Rachel Levmore
Rachel Levmore

The rabbis have had ample time to use their sharp minds to nullify a husband's ability to exploit his power to chain his wife to an unwanted marriage
A married couple, with the wife in chains. (iStock)
A married couple, with the wife in chains. (iStock)

One would assume, in today’s day and age, that Orthodox Jewry would have solved a core problem which permeates all of its various communities. In numbers as never before in Jewish history, Orthodox society includes thousands of Talmud scholars; many brilliant decisors of Jewish law; hundreds of rabbinical leaders of communities; a network of rabbinical courts in the Diaspora; and even an entire powerful judicial system in the Israeli state rabbinical courts.

Notwithstanding the various distinctions of all of the above regarding the degree of openness to the post-modern world, despite sometimes even contradictory rulings within halacha and even though the diverse factions of present day Orthodox Judaism may find it difficult to sit at the same table, they are all in the same boat, and it is leaking in a furious manner.

Each group is struck by the same problem of existential proportions. Orthodox women, as well as those who are non-Orthodox, yet married in an Orthodox ceremony, as is done in Israel, find themselves agunot — chained to an unwanted marriage. Those women may be able to end their marriage through a civil divorce (outside of the State of Israel only), but are not free to remarry according to Jewish law. An Orthodox Jewish marriage ends by the death of one of the spouses or the giving of a “get” from the husband to the wife, out of his free will.

There are women whose husbands have disappeared or lie in a permanent vegetative state — not “present” to give a get. There are many more women the world over who are victims of get-refusal — the husbands are able but not willing to release their wives from a Jewish marriage. In each one of these cases, there is a mini-world from which emanates ripples of strife, pain, battle and bitterness — breaking down the circles of society of which this mini-world lies at the center. Every such couple, where the husband refuses to grant his wife a get, is in a fierce battle, where the existential angst of the wife is immeasurable, as her life is controlled by one who once loved her and her children, but has turned into the enemy. Her biological clock is ticking, she is unable to enter into a new relationship, and she is prevented from building a new healthy family unit.

Once the seed of get-refusal is planted, it blossoms beyond the proportions of an ugly divorce. The children are at best torn between the parents, or at worst, view the father as an object of resentment or even hate. The parents of the couple join the war; extended family of each enter into the feud; friends of the couple take sides — indeed, husbands and wives who were the couple’s friends even side against each other. There is an upheaval in the immediate community as details of the get-refusal are revealed; the rabbis are challenged; rancor spreads amongst those exposed to the “scandal”; and at times, the general press, once again, reports on the manner in which Orthodox women are oppressed by their religion and its laws. All this serves to weaken Jewish society, intensifying as the years go by.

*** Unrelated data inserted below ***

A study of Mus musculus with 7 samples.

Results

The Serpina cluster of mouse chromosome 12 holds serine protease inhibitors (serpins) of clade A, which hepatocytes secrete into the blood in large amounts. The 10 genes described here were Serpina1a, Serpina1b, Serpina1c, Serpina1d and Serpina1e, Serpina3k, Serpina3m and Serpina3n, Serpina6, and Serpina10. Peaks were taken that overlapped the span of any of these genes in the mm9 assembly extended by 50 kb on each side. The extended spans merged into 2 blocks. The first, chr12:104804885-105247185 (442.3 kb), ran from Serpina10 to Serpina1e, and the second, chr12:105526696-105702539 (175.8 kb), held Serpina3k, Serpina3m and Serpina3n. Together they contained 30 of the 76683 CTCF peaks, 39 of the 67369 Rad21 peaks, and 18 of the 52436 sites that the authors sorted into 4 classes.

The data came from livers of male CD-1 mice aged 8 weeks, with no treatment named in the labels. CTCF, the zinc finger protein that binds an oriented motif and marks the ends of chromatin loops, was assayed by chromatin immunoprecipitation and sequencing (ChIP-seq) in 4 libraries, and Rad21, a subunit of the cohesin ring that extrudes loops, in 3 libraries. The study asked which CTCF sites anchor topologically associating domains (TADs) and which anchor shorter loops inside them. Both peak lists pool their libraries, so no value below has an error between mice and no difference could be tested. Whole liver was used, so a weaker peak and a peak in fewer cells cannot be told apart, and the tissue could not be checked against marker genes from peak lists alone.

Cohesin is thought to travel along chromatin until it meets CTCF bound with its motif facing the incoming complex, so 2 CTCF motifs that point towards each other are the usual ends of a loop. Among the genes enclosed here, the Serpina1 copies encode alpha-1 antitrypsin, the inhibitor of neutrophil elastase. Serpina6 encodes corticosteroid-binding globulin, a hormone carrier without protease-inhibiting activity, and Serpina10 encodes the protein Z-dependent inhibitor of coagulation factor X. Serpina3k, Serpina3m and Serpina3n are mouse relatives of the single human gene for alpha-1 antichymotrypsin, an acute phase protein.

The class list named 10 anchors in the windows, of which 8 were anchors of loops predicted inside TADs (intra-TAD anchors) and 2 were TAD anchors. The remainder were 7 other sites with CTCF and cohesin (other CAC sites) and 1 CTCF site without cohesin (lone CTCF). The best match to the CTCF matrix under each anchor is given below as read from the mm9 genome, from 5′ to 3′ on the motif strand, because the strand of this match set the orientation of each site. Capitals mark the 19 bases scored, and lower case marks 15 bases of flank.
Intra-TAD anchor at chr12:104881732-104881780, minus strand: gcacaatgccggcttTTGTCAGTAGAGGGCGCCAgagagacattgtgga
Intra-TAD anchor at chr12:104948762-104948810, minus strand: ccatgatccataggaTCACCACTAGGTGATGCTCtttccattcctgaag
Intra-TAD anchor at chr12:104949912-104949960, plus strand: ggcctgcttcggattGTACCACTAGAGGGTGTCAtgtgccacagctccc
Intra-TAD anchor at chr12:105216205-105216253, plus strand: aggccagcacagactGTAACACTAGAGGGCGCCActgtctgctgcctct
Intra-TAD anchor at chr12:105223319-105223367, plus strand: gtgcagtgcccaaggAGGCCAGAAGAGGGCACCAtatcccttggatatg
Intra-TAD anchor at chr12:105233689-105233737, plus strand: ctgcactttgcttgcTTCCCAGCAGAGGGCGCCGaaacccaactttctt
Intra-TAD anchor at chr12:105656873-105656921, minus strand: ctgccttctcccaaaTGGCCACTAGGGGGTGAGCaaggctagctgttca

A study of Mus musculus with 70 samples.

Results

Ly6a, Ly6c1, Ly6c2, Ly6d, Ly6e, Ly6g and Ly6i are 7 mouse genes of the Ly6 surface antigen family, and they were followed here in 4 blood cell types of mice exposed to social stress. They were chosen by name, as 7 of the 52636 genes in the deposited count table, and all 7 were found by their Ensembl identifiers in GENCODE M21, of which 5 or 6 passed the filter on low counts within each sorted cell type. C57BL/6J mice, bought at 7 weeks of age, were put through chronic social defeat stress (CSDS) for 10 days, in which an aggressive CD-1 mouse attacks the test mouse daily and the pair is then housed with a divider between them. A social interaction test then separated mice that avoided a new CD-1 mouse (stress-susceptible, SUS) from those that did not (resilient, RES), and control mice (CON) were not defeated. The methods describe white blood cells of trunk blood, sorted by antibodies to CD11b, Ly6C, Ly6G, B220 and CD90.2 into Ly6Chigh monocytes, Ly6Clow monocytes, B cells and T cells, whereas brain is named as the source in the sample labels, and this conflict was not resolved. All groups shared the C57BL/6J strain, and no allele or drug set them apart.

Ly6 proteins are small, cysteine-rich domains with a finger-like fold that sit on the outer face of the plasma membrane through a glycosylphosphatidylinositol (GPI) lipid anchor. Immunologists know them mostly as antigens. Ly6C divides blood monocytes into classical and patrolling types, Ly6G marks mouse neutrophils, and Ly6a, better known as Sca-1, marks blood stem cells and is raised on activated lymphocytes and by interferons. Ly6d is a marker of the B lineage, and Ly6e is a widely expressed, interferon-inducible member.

For the secular, it is inconceivable that one individual can hold another hostage and limit her freedom in such a manner, through the manipulation of law — religious or otherwise. For those who adhere to Orthodox Judaism, it is incomprehensible that the rabbis — those with the power to work within Jewish law to resolve all sorts of problems — do not solve the agunah problem. Their hesitation is glaringly obvious — not using their sharp minds, textual skills, and intricate reasoning abilities to resolve this untenable situation, whereby any woman who marries in an Orthodox ceremony may unexpectedly find herself an agunah.

In the face of the manipulative conduct of the get-refuser, exploiting his singular power to bring a marriage to an end, it is the duty of the rabbis to nullify that very power. It is a religious obligation that falls on the rabbinic leadership to rescue the oppressed. It is not enough to attempt to liberate one woman at a time, individuals who may even resort to civil means. Today’s very condition of Orthodox Jewish life lending itself to easily create agunot is an explosive state of affairs that must be diffused in its entirety by its rabbinic leaders — before Jewish society becomes diffuse from within.

And yet, here we are. It’s another International Agunah Day.

International Agunha Day falls yearly on Ta’anit Esther – this year Thursday, February 25, 2021.

About the Author
Rachel Levmore, PhD in Talmud and Jewish Law from Bar Ilan University, is the director of the Agunah and Get-Refusal Prevention Project of the International Young Israel Movement in Israel and the Jewish Agency; one of the authors of the prenuptial "Agreement for Mutual Respect"; author of "Min'ee Einayich Medim'a" on prenuptial agreements for the prevention of get-refusal; member of Beit Hillel-Attentive Spiritual Leadership; and the first female Rabbinical Court Advocate to serve on the Israel Commission for the Appointment of Rabbinical Court Judges.